By Katherine Dell, MD
In an effort to answer critical questions about this disease that may lead to better treatments, Cleveland Clinic Children’s is participating in two important NIH-sponsored studies.
The Nephrotic Syndrome Study Network (NEPTUNE) is an ongoing, prospective, observational study that seeks answers to questions about etiologies, diagnostics, effective treatments, quality of life and complications in children and adults with primary NS. Started in 2010, the study has been collecting blood and urine samples from participants several times per year, in addition to tissue samples and DNA. The second phase of this study will soon be opening and will enroll children with new-onset NS in hopes of capturing the full spectrum of pediatric NS.
The second study, Cure Glomerulonephropathy (CureGN), is a multicenter, longitudinal, prospective study of glomerular diseases, including primary NS. The study recently opened and will eventually enroll approximately 2,400 children and adults with one of the following conditions:
- Minimal change NS (MCNS)
- Focal segmental glomerulosclerosis (FSGS, depicted in the pathology image at the top of this post)
- Membranous nephropathy
- IgA nephropathy
CureGN will collect both genetic and biological samples.
Novel treatments emerge from multicenter collaborations
A major advantage of multicenter studies such as NEPTUNE and CureGN is the ability to connect a larger number of patients than would be available at an individual site with investigators who are interested in studying the disease. This often produces ancillary studies.
One example is the DUET study, a joint venture between NEPTUNE and a pharmaceutical company. Cleveland Clinic Children’s is one of a handful of pediatric centers participating in this study of an investigational medication — the dual endothelin receptor and angiotensin receptor blocker RE-021 — to decrease proteinuria in pediatric and adult patients with FSGS.
In another example, we are working with other pediatric NEPTUNE investigators to develop a prospective study of a gluten-free diet as an adjunct to standard treatment for NS. The idea sprang from observations made in NEPTUNE that suggest a strict gluten-free diet may improve proteinuria in a subset of patients with steroid-resistant NS or frequently relapsing or steroid-dependent steroid-sensitive NS.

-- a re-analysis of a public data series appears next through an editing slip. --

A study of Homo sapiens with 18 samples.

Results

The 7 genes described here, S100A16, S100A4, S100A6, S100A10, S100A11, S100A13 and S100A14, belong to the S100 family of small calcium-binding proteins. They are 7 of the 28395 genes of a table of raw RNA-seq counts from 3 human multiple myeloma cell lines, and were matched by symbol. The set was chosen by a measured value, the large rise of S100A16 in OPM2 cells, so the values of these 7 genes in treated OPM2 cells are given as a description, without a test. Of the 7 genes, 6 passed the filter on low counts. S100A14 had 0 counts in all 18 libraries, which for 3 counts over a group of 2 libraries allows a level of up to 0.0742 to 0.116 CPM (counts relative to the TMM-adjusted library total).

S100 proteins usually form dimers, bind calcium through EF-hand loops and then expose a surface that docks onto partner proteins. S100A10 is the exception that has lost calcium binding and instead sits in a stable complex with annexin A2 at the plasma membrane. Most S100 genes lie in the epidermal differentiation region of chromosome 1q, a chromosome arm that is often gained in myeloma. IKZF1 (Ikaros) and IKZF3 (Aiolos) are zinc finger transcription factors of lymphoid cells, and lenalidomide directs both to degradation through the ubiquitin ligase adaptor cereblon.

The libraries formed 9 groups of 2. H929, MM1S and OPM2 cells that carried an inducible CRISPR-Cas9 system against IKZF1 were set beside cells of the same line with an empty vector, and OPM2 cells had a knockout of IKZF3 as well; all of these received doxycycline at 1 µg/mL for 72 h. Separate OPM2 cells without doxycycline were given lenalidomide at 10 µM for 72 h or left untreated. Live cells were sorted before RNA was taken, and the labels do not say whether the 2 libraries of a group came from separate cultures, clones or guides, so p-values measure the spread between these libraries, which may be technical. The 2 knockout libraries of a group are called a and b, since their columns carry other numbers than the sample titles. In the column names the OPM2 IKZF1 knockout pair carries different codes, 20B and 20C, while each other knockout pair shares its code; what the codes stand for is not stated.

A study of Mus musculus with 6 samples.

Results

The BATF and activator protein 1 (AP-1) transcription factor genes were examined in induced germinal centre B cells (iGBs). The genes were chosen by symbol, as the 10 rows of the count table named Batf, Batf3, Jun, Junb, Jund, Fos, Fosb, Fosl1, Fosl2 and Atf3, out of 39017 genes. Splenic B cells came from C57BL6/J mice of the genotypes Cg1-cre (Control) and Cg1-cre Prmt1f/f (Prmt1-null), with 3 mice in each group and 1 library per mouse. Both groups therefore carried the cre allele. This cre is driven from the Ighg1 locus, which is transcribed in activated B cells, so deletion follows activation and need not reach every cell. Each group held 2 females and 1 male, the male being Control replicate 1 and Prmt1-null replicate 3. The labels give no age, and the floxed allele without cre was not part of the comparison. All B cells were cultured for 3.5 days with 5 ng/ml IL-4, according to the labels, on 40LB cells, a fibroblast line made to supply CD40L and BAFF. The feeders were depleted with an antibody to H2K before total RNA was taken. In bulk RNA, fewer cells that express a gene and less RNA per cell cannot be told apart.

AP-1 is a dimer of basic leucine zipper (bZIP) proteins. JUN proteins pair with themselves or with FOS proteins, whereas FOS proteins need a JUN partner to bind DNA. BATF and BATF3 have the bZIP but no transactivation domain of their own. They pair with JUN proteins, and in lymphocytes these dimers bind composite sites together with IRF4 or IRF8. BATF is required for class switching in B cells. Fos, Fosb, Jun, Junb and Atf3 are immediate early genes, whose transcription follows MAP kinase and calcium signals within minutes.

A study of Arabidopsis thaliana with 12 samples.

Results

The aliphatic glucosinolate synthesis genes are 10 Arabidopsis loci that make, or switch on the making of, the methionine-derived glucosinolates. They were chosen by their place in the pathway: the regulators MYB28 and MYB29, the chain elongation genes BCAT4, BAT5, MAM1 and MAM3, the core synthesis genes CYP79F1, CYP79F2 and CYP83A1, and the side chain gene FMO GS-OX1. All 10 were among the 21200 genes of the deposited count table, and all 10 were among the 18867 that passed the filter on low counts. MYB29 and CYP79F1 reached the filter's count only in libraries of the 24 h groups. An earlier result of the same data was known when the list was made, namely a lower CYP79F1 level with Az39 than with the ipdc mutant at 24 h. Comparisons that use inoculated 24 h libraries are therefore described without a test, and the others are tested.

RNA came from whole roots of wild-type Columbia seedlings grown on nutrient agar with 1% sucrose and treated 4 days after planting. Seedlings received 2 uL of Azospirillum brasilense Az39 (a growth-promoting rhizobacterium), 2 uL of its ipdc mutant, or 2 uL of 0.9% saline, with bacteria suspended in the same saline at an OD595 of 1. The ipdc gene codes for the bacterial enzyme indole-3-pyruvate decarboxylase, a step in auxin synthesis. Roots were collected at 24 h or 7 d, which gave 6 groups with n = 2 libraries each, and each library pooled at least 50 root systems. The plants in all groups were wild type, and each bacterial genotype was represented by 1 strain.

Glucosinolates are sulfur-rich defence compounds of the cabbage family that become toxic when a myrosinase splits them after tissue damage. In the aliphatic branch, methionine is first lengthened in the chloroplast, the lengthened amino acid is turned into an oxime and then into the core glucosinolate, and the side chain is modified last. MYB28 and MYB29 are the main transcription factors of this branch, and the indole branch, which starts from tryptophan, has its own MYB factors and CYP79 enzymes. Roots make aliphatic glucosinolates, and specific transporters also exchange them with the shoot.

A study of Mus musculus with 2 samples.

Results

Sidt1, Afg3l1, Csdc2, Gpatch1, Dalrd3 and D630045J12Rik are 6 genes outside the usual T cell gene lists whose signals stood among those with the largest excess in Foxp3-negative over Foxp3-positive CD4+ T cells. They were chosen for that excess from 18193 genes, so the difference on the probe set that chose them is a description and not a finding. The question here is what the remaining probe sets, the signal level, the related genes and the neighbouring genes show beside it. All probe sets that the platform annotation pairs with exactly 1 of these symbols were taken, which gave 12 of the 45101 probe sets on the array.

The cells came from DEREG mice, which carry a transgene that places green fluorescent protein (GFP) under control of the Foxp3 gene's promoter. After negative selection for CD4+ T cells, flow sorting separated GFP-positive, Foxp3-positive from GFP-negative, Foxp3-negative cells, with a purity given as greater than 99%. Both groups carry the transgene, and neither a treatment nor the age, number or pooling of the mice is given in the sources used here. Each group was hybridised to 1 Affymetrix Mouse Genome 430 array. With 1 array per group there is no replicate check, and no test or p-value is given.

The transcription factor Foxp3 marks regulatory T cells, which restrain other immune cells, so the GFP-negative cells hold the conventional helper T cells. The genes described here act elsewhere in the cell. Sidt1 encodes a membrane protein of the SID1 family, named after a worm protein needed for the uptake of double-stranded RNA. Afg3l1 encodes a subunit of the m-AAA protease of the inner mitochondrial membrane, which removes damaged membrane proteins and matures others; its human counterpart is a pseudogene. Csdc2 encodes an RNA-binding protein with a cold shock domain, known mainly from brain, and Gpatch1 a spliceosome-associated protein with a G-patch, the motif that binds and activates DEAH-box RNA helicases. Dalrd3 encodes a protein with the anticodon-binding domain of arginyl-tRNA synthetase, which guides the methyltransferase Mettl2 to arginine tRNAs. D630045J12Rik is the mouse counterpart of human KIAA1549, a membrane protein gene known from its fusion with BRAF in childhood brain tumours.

One syndrome, three pathologies, myriad causes
The most common causes of primary NS are MCNS, FSGS and, less commonly in children, membranous nephropathy.
Younger children (typically ages 2 to 6) who present with the classic features of NS have a very high likelihood of having MCNS. They do not typically undergo renal biopsy but are empirically treated with prednisone. Those who respond and enter remission are deemed to have steroid-sensitive NS. Their long-term prognosis is excellent, with resolution of the disease occurring in the majority by adolescence. However, relapses throughout childhood may occur.
A subset will have steroid-dependent NS or frequently relapsing NS, which may require additional immunosuppressive therapies such as cyclosphosphamide or mycophenolate mofetil to avoid the significant side effects of long-term steroid use.
More worrisome are those who do not respond to the initial course of steroids and are deemed to have steroid-resistant NS. These children, as well as those with clinical features at presentation that increase their likelihood of having steroid-resistant NS (including acute kidney injury, hypertension, older age and African-American race), undergo diagnostic kidney biopsies. FSGS is the most likely finding, but MCNS or its variants (such as mesangial proliferative glomerulonephritis) are not uncommon.
Why new treatments are needed
Calcineurin inhibitors such as cyclosporine or tacrolimus are considered first-line therapy for steroid-resistant NS and produce a full or partial response in about 50 percent of patients. It is impossible to predict who will respond to these treatments or how long they will remain responsive. Newer therapies, such as rituximab, have also been utilized, but with variable results.
Steroid-resistant NS may require intermittent, prolonged courses of corticosteroids in addition to maintenance immunosuppression. The overall prognosis for these patients remains poor, with the majority eventually progressing to end-stage renal disease (ESRD). In fact, steroid-resistant NS constitutes about 20 percent of the pediatric ESRD population. FSGS also has a high risk of relapse after kidney transplantation, with no reliable predictors of which patients will relapse.
Clues from recent genetics studies
Although the three major underlying causes of primary NS have been well-characterized histologically, their underlying etiologies remain elusive. Increasingly, genetic defects have been identified as a cause of steroid-resistant NS, especially FSGS. Attention has been focused on genes encoding proteins that comprise or support the slit diaphragm, the structure that connects individual podocytes and maintains integrity of the glomerular filtration mechanism. Mutations in several of these genes have been identified in patients with familial and sporadic FSGS. These genetic studies have also highlighted the phenotypic variability of diseases that appear similar under the microscope.
At Cleveland Clinic Children’s Center for Pediatric Nephrology, we recognize the challenges inherent in NS and are encouraged by recent findings. We remain committed to offering the latest treatments by making cutting-edge studies available to our patients and their families.
Dr. Dell is Associate Professor of Pediatrics, Cleveland Clinic Lerner College of Medicine, as well as a staff physician in the Center for Pediatric Nephrology and Director of Clinical and Translational Research at Cleveland Clinic Children’s.
Image at top of post courtesy of Leal Herlitz, MD, Cleveland Clinic.